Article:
Optimizing Mitomycin Use Ups Bladder Cancer Outcome

October 1, 2001

ANAHEIM, California-In patients with superficial bladder cancer, it is possible to optimize treatment with mitomycin (Mutamycin) by enhancing the drug concentration in urine, according to the results of a multicenter study presented at the American Urological Association annual meeting (abstract 776).

ANAHEIM, California—In patients with superficial bladder cancer, it is possible to optimize treatment with mitomycin (Mutamycin) by enhancing the drug concentration in urine, according to the results of a multicenter study presented at the American Urological Association annual meeting (abstract 776).

Experimental studies have shown that the incomplete and variable responses to mitomycin occur because of two problems: inadequate delivery of drug to the tumor site and insensitivity of the tumor to the drug. The current study addressed inadequate drug delivery, identifying several contributing factors and constructing a strategy to overcome them.

Principal investigator Jesse L-S Au, PhD, of Ohio State University, Columbus, pointed out that suboptimal concentration of mitomycin and inadequate emptying of the bladder are major problems leading to dilution of the drug and therefore diminished efficacy.

"Patients often do not have fully emptied bladders. The volume of the dosing solution is 20 mL, and some patients retain 4 or more ounces of urine," she said. "They also continue to consume beverages, which leads to further dilution of drug concentration." The other problem is that mitomycin is acid labile, meaning that it is degraded 12 times faster at below neutral pH than at a pH of 7.

Six Potential Methods to Maximize Mitomycin Treatment of Bladder Cancer

Increase the dose

Decrease the dosing volume

Dehydrate the patient

Empty the bladder under ultrasound guidance

Use sodium bicarbonate to elevate the pH and preserve the drug’s stability

Increase treatment duration from 2 to 4 hours*

*Increasing treatment duration did not yield a benefit in a computer simulation.

The investigators determined six parameters that could be changed to potentially maximize drug delivery to the tumor . They then performed a computer simulation, using a standard mitomycin protocol and changing one parameter at a time to predict the effect on outcome.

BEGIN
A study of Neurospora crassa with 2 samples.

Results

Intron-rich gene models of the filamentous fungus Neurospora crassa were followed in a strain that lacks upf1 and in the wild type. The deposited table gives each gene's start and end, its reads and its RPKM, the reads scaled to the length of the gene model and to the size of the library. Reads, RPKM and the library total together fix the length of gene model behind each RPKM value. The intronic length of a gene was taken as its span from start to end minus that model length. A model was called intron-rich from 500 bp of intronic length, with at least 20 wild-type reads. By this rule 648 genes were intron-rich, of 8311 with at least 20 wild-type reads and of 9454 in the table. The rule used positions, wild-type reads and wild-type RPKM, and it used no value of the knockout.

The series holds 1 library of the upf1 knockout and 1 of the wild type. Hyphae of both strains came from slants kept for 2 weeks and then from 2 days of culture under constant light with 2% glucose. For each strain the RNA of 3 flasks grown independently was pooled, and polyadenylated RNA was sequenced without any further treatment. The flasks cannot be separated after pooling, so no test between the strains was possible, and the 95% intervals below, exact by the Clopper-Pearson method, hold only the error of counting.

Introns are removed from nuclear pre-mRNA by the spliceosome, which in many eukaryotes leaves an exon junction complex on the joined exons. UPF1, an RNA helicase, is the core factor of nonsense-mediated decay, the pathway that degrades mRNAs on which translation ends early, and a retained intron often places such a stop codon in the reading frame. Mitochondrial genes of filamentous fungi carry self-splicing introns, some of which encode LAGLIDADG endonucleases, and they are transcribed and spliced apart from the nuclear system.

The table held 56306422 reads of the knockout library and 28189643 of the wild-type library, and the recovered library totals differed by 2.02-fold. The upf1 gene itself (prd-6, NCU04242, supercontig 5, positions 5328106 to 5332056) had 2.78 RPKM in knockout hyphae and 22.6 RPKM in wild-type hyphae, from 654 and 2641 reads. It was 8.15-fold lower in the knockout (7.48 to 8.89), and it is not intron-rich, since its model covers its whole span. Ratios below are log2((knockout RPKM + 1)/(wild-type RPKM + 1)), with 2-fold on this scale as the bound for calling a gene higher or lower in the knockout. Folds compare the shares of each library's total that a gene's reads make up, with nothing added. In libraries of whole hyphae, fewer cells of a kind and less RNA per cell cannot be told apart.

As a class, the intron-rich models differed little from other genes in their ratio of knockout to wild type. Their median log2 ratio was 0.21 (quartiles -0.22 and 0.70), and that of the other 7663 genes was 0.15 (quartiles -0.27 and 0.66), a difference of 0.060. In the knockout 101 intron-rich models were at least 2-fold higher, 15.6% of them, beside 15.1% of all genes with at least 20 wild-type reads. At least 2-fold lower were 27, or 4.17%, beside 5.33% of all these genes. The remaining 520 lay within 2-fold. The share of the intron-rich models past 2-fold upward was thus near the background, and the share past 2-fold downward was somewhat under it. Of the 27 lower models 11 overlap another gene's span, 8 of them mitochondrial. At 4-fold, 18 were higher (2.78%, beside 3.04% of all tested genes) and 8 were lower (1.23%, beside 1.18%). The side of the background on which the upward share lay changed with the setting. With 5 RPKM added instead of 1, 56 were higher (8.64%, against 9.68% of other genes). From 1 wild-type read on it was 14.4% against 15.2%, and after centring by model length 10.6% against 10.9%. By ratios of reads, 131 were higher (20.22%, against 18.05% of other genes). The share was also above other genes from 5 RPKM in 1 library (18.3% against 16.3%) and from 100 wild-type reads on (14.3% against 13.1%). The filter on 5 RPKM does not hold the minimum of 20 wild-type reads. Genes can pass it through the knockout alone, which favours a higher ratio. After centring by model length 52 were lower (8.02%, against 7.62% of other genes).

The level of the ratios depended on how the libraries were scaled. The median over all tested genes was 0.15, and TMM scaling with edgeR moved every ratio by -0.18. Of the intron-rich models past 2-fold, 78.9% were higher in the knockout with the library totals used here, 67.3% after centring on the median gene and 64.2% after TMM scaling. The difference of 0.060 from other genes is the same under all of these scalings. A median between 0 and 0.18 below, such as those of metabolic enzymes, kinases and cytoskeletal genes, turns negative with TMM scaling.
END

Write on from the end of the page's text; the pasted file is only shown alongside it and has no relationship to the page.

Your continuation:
"If we increased the dose, we increased the recurrence-free rate from 20% to 25%. Then if we drained the bladder completely, we got another 5% increase. In the end, we concluded that if we changed five factors, we could go from a 20% recurrence-free rate to a 40% rate," Dr. Au said. (The sixth factor, increasing treatment duration from 2 to 4 hours, showed no improvement in outcome.)

Phase III Trial

The investigators began testing their optimized treatment strategy in 1993 in a prospective, two-arm, randomized, 14-center phase III clinical trial of 230 patients (222 randomized).

The patients had transitional cell bladder carcinoma and were at high risk of recurrence because of prior disease, multifocal tumors, and/or large primary or solitary tumors (greater than 5 cm, grade 3, or DNA aneuploidy).

Patients were stratified by disease status (primary vs recurrent), carcinoma in situ (yes vs no), tumor grade (grade 1-2 vs grade 3), and focality (unifocal vs multifocal). Primary endpoints were recurrence and time to recurrence.

The optimized arm employed a 40-mg dose and pharmacokinetic manipulations to increase drug concentration by decreasing urine volume (ie, by using the minimal 20-mL dosing volume, ultrasound-guided bladder emptying, and voluntary dehydration) and by urine alkalinization. The standard arm consisted of mitomycin 20 mg/20 mL, with no pharmacokinetic manipulations.

In the evaluable group of 201 patients, the optimized arm showed a longer median time to recurrence (29.1 vs 11.3 months) and a greater recurrence-free fraction at 5 years (42.6% vs 23.5%), compared with the standard arm. The differences were significant at P = .002, Dr. Au reported. The intent-to-treat group (n = 230) showed similar findings (P = .005).

Benefit in Subsets

Improvements were noted for all risk groups based on tumor type, stage, grade, and prior chemotherapy, Dr. Au said. (For complete results, see J Natl Cancer Inst 93:597-604, 2001.)

In patients with primary cancer, those receiving standard treatment (30 patients) experienced 20 events with a median time to recurrence of 13.4 months. (At the time of data analysis, the recurrence-free rate could not be calculated as no patients had reached the end of the 5-year follow-up period.) In the optimized treatment arm of this subset (29 patients), 12 events occurred, median time to recurrence has not been reached, and the recurrence-free rate is 52% (P = .009).

In patients with recurrent cancer, there were 50 events among patients on standard therapy and 43 among patients receiving optimized treatment. Median time to recurrence was 8.7 months vs 18.1, and percent recurrence-free was 24% and 38.7%, respectively (P = .037).

"With the optimized arm, we enhanced the recurrence-free rate from 23.5% to 42.6%. This is very close to our computer simulation. We also saw improvements across all risk factors, although statistical significance was not reached in some subgroups due to the small sample size," Dr. Au said.

The goal now, she said, is to push the recurrence-free rate closer to 100%. The investigators would also like to solve the second problem, she said, "which is how to make tumor cells more sensitive to mitomycin, possibly with an inhibitor of fibroblast growth factor."